Feb 14, 2013, 11:09 PM EST
Montana’s 24-game Big Sky regular season win streak came to a crashing halt on Thursday night as they fell at Weber State by the final score of 87-63.
And the only aspect of this game that should surprise anyone is the margin of victory.
Randy Rahe’s Wildcats controlled proceedings from the start, shooting 58.2% and never trailing in a game they led by as many as 28 points. Kyle Tresnak led the way with 19 points and Weber State thoroughly frustrated Montana’s perimeter tandem of Will Cherry and Kareem Jamar, with the latter scoring just five points and turning the ball over four times before fouling out.
Weber State’s win pulls them to within a game of the Grizzlies in the race for the Big Sky, with the regular season champion receiving the honor of hosting the conference tournament. But unlike last season the Wildcats look more than capable of beating Montana in Missoula if it comes to that, even though last year’s group was led by eventual NBA lottery pick Damian Lillard.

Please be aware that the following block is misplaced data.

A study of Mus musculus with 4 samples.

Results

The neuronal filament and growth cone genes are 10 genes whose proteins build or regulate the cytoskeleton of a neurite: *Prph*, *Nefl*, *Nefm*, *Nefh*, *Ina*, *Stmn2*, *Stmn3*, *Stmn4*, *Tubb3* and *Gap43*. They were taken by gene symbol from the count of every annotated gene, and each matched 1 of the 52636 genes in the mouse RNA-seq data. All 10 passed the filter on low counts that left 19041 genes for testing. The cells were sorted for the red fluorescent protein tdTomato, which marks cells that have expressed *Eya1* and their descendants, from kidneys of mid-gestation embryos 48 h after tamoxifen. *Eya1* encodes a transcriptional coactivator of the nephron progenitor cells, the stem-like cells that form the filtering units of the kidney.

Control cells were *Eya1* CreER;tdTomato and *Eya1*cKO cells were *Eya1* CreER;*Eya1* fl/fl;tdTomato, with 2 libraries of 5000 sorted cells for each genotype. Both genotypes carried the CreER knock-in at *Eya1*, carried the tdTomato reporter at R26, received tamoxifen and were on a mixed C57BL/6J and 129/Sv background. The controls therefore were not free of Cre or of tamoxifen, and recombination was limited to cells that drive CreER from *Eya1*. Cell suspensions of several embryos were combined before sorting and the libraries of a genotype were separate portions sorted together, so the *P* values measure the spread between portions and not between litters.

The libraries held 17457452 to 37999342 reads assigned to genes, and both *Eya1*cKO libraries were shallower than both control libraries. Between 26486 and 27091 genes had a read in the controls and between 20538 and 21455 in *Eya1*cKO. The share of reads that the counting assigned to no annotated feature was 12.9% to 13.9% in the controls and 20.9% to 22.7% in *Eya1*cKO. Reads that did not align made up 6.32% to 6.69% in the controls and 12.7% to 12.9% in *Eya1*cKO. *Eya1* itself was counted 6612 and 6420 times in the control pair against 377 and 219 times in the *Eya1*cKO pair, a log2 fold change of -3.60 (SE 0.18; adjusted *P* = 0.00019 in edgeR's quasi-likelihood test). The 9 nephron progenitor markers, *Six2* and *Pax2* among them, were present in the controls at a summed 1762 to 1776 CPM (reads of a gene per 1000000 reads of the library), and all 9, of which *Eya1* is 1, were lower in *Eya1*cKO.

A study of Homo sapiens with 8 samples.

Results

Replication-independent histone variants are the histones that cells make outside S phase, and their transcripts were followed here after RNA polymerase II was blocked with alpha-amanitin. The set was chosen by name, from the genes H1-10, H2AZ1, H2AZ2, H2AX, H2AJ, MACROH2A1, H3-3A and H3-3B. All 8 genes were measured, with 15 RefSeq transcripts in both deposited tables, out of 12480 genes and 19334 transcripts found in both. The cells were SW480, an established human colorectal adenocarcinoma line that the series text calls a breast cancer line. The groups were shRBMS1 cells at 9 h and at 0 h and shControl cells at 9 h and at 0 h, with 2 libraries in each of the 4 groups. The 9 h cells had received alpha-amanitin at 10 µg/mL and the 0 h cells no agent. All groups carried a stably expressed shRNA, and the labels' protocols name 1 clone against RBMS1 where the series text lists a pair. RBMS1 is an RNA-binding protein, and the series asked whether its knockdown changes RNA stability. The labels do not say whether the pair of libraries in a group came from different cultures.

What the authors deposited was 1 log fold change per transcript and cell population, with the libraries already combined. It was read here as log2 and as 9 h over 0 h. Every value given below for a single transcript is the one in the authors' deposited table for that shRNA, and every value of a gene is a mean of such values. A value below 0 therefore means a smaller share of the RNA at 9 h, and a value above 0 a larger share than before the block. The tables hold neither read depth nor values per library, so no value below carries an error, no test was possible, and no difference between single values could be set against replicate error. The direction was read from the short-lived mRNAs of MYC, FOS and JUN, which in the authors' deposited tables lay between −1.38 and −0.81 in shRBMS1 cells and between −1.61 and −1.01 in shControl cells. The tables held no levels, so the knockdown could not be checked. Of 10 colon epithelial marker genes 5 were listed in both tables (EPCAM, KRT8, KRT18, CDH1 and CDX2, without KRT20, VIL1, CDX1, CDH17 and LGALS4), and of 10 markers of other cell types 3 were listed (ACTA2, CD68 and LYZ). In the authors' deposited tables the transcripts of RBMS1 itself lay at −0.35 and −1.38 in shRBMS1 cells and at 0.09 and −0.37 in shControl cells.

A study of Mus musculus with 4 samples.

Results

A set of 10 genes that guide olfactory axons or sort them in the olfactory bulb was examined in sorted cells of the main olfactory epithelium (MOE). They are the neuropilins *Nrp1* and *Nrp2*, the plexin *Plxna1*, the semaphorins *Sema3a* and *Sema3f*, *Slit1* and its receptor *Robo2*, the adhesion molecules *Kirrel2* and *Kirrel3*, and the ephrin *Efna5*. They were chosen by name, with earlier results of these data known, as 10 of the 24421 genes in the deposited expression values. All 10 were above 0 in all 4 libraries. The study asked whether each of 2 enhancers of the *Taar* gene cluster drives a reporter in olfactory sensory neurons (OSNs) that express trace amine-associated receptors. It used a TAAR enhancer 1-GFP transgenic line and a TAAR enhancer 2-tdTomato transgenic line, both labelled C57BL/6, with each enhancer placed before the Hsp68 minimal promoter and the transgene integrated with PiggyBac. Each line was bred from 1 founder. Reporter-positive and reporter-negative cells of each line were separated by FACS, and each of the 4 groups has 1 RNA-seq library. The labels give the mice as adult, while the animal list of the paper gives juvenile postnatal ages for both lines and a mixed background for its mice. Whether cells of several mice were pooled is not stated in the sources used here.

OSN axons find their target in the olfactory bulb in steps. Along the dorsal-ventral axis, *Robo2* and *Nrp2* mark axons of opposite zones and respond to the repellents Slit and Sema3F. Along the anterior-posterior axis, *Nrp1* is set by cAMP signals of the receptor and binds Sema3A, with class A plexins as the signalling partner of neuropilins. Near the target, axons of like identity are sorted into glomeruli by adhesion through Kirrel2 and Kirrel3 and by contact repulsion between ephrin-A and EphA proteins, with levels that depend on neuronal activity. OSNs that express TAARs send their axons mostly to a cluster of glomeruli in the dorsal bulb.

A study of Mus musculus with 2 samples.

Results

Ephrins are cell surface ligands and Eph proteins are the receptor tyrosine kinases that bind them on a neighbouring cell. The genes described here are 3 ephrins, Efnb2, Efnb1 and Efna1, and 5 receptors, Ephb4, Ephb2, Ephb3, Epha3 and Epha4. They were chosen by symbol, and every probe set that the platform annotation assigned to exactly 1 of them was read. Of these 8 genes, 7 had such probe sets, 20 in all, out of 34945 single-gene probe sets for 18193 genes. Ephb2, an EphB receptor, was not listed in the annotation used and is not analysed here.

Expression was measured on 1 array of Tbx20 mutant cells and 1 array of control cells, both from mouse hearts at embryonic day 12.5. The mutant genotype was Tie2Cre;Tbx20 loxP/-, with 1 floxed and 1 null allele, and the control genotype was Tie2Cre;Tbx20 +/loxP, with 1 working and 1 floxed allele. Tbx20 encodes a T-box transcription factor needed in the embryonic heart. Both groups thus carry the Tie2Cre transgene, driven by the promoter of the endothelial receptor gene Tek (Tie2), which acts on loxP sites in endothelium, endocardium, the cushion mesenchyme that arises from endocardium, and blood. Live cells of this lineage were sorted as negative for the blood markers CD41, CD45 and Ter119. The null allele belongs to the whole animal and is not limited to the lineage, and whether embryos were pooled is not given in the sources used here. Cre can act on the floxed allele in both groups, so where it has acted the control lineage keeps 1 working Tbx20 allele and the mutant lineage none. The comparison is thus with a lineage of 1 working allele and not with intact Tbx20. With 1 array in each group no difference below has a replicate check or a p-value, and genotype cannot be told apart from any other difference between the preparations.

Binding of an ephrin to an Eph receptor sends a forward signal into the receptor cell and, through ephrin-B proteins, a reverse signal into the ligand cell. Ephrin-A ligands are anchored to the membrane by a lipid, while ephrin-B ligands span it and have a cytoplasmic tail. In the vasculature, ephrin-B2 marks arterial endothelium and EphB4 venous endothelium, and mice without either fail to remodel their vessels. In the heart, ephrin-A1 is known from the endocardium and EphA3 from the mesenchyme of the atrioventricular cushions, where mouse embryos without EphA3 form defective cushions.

Four players reached double figures tonight and on the season Weber State has three players averaging double figures, with four other players averaging between seven and nine points per contest.
Starters Tresnak, Davion Berry (16 points) and Frank Otis (14) reached double figures with sophomore guard Gelaun Wheelwright adding 14 off the bench. And with Scott Bamforth and Jordan Richardson also capable of putting points on the board, the question of who to take away becomes a tough one to answer for the opposition.
By comparison Montana has three players in Cherry, Jamar and Mathias Ward capable of carrying the load but their supporting cast doesn’t have the depth that Weber State enjoys.
Weber State leads the Big Sky in many of the major statistical categories both offensively and defensively, but that 0-2 weekend in Montana (losing at Montana State two days before dropping a 76-74 decision at Montana on January 26) is the reason why the Wildcats find themselves in the role of chaser with five games remaining.
Having home court in the Big Sky tournament is certainly something Weber State will shoot for in these last five games. But Thursday’s result is a clear indication that the venue for a possible third meeting won’t mean as much as it did last season.